Just over a year ago, on 30 June 2012, the Sudanese diaspora turned out in force to call for the toppling of Omar al-Bashir’s dictatorship regime. The protests echoed those back in Sudan. The vibe that day and during the whole month was intense, with communities throughout the diaspora protesting simultaneously across the world. We thought: it’s finally going to happen; we are going to come together as one nation demanding the same aim! A year on, and here we are again, witnessing another anniversary (the 24th) of the same government. No surprise, really, considering that the same angry people were using the same mechanisms to demonstrate last year as they did 30 and 50 years ago.
I am 26 and have lived most of my life under this dictatorship government. When I lived in Sudan, I had no opportunity to live, think, develop or even dream freely. I am angry too, but I am not interested in celebrating past revolutions or old victories. I am done expecting any good out of the old-fashioned traditional opposition. We live in the 21st century; can’t we just move on?
I came to Britain three years ago, and have noticed that we members of the Sudanese diaspora are acting and interacting as another mini-Sudan in Britain, rather than as a concerned arm of its society. This is reflected in the way we organize our activities, plan our work and communicate with the wider society. How can we better engage with the wider community and more efficiently contribute toward the ongoing debate on Sudan’s future?
We tend to be ‘reactionists’ who respond to external triggers rather than following clear, specific long- or short-term strategies. This is, of course, a key element in building cases, mobilizing people and influencing change. During last June’s demonstration in front of 10 Downing Street, the organizers had two general aims: to put pressure on the British government to raise Sudan’s profile through a memorandum handed to the prime minister; and to gain British and international media attention. But no specific measurable or achievable objectives were communicated to the public. The only action called for was the overthrow of the Sudanese government, which wasn’t realistic or feasible from within Britain.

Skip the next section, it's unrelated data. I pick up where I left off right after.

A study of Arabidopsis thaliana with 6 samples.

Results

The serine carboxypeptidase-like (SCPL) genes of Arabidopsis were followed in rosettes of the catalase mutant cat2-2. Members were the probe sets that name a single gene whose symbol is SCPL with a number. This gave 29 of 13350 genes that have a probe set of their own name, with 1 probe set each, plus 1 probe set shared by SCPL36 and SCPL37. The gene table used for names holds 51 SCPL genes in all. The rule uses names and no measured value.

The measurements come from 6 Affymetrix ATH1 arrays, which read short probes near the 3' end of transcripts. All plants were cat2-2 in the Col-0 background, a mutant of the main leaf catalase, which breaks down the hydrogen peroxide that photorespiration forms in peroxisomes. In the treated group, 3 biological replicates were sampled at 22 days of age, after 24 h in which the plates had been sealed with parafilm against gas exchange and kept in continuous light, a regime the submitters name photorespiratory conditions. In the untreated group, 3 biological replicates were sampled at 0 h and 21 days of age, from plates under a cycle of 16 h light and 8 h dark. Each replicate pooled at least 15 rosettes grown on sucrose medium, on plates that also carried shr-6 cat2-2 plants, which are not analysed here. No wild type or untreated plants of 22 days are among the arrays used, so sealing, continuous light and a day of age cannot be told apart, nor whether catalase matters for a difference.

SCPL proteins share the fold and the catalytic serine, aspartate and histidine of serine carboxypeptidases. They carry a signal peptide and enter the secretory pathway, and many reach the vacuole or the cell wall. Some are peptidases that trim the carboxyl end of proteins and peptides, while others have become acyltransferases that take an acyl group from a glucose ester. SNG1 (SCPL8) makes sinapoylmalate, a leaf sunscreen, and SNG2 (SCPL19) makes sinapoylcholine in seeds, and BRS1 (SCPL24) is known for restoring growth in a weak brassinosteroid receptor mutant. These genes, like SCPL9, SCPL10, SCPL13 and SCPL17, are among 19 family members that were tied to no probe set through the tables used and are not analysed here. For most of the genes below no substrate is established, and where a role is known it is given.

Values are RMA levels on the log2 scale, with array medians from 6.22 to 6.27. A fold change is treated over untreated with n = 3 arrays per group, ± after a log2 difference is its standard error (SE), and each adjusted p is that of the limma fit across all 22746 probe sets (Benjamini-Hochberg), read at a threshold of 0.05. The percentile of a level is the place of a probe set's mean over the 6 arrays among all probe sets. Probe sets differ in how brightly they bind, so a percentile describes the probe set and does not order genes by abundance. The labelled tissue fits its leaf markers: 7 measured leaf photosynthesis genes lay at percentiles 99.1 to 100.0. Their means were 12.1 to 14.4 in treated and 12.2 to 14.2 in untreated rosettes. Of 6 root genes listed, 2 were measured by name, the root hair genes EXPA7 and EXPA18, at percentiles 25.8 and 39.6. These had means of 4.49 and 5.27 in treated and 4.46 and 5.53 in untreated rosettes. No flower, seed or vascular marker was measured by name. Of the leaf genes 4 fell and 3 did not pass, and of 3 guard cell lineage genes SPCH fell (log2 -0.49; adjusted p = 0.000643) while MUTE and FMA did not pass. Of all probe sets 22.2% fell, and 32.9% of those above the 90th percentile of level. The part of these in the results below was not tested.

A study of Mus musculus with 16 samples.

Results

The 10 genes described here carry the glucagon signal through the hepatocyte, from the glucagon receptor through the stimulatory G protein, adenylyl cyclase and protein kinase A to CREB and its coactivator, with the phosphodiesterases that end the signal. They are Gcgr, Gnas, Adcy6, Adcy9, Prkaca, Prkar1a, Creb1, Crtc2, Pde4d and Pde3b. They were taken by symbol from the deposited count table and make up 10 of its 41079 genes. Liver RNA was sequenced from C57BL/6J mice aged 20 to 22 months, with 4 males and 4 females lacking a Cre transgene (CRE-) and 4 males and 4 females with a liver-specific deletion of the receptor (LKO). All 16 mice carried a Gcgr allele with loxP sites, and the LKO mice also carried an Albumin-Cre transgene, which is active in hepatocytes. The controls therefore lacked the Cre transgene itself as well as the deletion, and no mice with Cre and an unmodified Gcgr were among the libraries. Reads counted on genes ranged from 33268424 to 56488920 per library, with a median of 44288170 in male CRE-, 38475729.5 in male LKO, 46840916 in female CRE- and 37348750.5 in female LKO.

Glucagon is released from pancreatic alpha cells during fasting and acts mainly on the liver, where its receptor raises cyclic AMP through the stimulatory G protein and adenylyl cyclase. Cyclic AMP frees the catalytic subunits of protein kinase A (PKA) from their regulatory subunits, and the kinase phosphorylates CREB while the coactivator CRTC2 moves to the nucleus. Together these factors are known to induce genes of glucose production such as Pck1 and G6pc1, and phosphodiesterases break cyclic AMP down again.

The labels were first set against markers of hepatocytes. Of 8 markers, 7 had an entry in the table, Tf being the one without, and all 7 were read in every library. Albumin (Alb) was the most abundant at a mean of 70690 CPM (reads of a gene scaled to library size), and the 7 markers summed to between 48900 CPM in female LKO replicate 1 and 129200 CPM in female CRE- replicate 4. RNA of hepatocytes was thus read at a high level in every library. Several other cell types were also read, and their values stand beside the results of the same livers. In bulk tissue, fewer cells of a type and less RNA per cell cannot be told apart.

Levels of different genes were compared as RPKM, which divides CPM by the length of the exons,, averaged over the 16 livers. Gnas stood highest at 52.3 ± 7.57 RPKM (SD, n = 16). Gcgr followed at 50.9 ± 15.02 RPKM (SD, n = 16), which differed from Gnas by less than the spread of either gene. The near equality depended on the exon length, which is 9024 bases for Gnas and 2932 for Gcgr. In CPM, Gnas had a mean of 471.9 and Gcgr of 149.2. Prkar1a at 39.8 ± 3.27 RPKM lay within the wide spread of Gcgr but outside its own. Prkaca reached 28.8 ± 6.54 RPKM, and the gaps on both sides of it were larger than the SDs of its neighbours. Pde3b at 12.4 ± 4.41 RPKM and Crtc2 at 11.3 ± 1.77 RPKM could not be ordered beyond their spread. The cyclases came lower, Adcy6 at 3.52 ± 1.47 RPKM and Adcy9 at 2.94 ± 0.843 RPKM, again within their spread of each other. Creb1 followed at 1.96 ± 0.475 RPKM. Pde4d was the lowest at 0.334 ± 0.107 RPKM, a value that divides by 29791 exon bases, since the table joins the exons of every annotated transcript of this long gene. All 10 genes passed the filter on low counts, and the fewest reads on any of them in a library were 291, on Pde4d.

Our public work is usually driven by personal motives and fuelled by anger and enthusiasm rather than evidence-based analysis. Last year’s demonstration should have been assessed in terms of media coverage, the response of the British government and human rights sector, and the influence on the situation back in Sudan. Accordingly, the organisers could decide if a similar demonstration this year is a good idea or, alternatively, if they need to explore other more efficient tools.
Additionally, professionalism seems to be missing from most of our work. Excluding a few organizing groups from the Sudanese community, it has become very rare to receive an event invitation with reasonable notice or attend one which starts on time. The blurring of boundaries between personal and professional life has transformed many promising organizations within the community into scenes of personal conflict.
Despite the amount of time many Sudanese have spent in Britain, most of those whom I have met do not feel settled. There is always the feeling that they will return to Sudan once the regime is overthrown. Not only is this emotionally draining; it doesn’t help the situation here or in Sudan.
On the other hand, there are many great opportunities to explore and from which our campaign could benefit:
First, online media and digital platforms, which offer the opportunity to write and speak out (both in English and Arabic) as individuals. Specific focus could be placed on techniques that put pressure on authorities. We could arrange an ‘online-demonstration’ through emailing our councillors and MPs all at the same time. This might grab their attention and put pressure on local authorities. We could actively participate in the Sudan and South Sudan’s ‘All Parliamentary Groups’ which help to advocate on behalf of and to build knowledge about the two countries. It is worth getting a broad idea of the debates already going on in Parliament about Sudan.
Second, the establishment of technical/professional groups as well as active collaborations with other similar organizations. This includes working closely with journalists and human rights organizations interested in Sudanese issues; African and Middle Eastern forums; migrant and refugee organizations; professional groups; and campaigns.
A major problem is the absence of the younger generation from the diaspora’s public work, particularly those born and brought up here, usually aged between 16 and 29. It is obvious from the nature of the events and tools used to communicate that a whole generation has been left out of our picture for Sudan’s future. Our failure to address their rising concerns – youth unemployment, privatization of higher education and so on – has helped fuel conservatism and resulted in an identity crisis among many of them, creating an easy recipe for extremism.
It is our responsibility as a diaspora to reach out, bridge gaps and engage with this generation. Groups and projects such The Youth Factor, Sudan Hub and Our Sudan are promising and should be encouraged and empowered to help create and lead the new Sudan.